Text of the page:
1. Likability is important in job negotiations, so make sure to present yourself in a positive and likeable manner.
2. Understand the person you are negotiating with and their constraints to better tailor your negotiation strategy.
3. Consider the whole deal and negotiate multiple issues, rather than focusing on just one aspect of the job offer.
The article titled "15 Rules for Negotiating a Job Offer" by Deepak Malhotra provides advice for job candidates on how to negotiate effectively. While the article offers some valuable insights, there are several potential biases and missing points of consideration that need to be addressed.
One potential bias in the article is the emphasis on likability. The author suggests that job candidates should not underestimate the importance of being likable during negotiations. However, this advice may overlook the fact that negotiation should be based on merit and qualifications rather than personal appeal. Focusing too much on likability could lead to unfair advantages for candidates who are more charismatic or outgoing, rather than those who are truly qualified for the position.
Another potential bias is the lack of consideration for power dynamics in negotiations. The article advises job candidates to understand the constraints of the person across the table, but it fails to acknowledge that power imbalances can heavily influence negotiation outcomes. For example, if a candidate is negotiating with a large corporation, they may have significantly less bargaining power compared to the employer. This power imbalance can limit the effectiveness of certain negotiation strategies suggested in the article.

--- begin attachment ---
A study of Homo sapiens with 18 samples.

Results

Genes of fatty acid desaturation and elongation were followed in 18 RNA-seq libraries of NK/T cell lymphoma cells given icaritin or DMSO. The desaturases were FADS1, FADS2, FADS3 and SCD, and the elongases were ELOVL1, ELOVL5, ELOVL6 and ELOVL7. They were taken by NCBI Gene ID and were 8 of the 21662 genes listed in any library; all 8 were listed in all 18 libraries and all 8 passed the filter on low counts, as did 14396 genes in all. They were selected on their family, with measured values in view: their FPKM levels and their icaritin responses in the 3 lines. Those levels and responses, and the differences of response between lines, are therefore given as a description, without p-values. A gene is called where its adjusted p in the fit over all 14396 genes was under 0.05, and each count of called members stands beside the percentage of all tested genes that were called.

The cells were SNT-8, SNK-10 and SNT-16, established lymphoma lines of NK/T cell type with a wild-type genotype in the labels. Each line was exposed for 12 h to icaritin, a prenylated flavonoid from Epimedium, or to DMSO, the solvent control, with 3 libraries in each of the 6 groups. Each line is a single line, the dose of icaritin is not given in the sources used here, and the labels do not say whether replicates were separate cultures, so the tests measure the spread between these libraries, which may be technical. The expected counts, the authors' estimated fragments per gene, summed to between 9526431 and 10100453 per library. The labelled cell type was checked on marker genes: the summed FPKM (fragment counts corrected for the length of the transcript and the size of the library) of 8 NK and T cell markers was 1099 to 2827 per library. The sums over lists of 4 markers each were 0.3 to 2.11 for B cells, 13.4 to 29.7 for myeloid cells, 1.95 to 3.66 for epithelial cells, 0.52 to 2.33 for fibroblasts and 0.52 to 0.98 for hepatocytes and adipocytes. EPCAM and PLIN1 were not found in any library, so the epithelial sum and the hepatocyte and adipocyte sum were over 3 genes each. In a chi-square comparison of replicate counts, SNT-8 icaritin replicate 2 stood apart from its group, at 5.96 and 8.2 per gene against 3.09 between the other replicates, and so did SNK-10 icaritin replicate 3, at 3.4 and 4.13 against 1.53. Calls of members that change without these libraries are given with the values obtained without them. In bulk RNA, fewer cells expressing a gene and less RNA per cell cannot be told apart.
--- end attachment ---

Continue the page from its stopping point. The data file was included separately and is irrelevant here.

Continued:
Additionally, there are unsupported claims and missing evidence throughout the article. For instance, when discussing tough questions during negotiations, the author advises candidates to focus on the questioner's intent rather than the question itself. However, no evidence or examples are provided to support this claim or explain why it would be an effective strategy.
The article also lacks exploration of counterarguments or alternative perspectives. It presents negotiation as a one-sided process where job candidates need to navigate various tactics without considering how employers might approach negotiations. This one-sided reporting limits readers' understanding of negotiation dynamics and fails to provide a comprehensive view of the topic.
Furthermore, there is promotional content present in the article. The author includes links to Harvard Business Review's website and promotes their services without providing any critical analysis or evaluation of their credibility or relevance.
In terms of risks, the article does not adequately address potential risks for job candidates during negotiations. It fails to mention the possibility of retribution or negative consequences for candidates who push too hard or negotiate aggressively. This omission leaves readers uninformed about the potential risks they may face when negotiating a job offer.
Overall, while the article offers some useful advice for job candidates, it is important to critically analyze its content and consider potential biases, missing points of consideration, unsupported claims, and promotional elements. Readers should seek additional sources and perspectives to gain a more comprehensive understanding of negotiation strategies in job offers.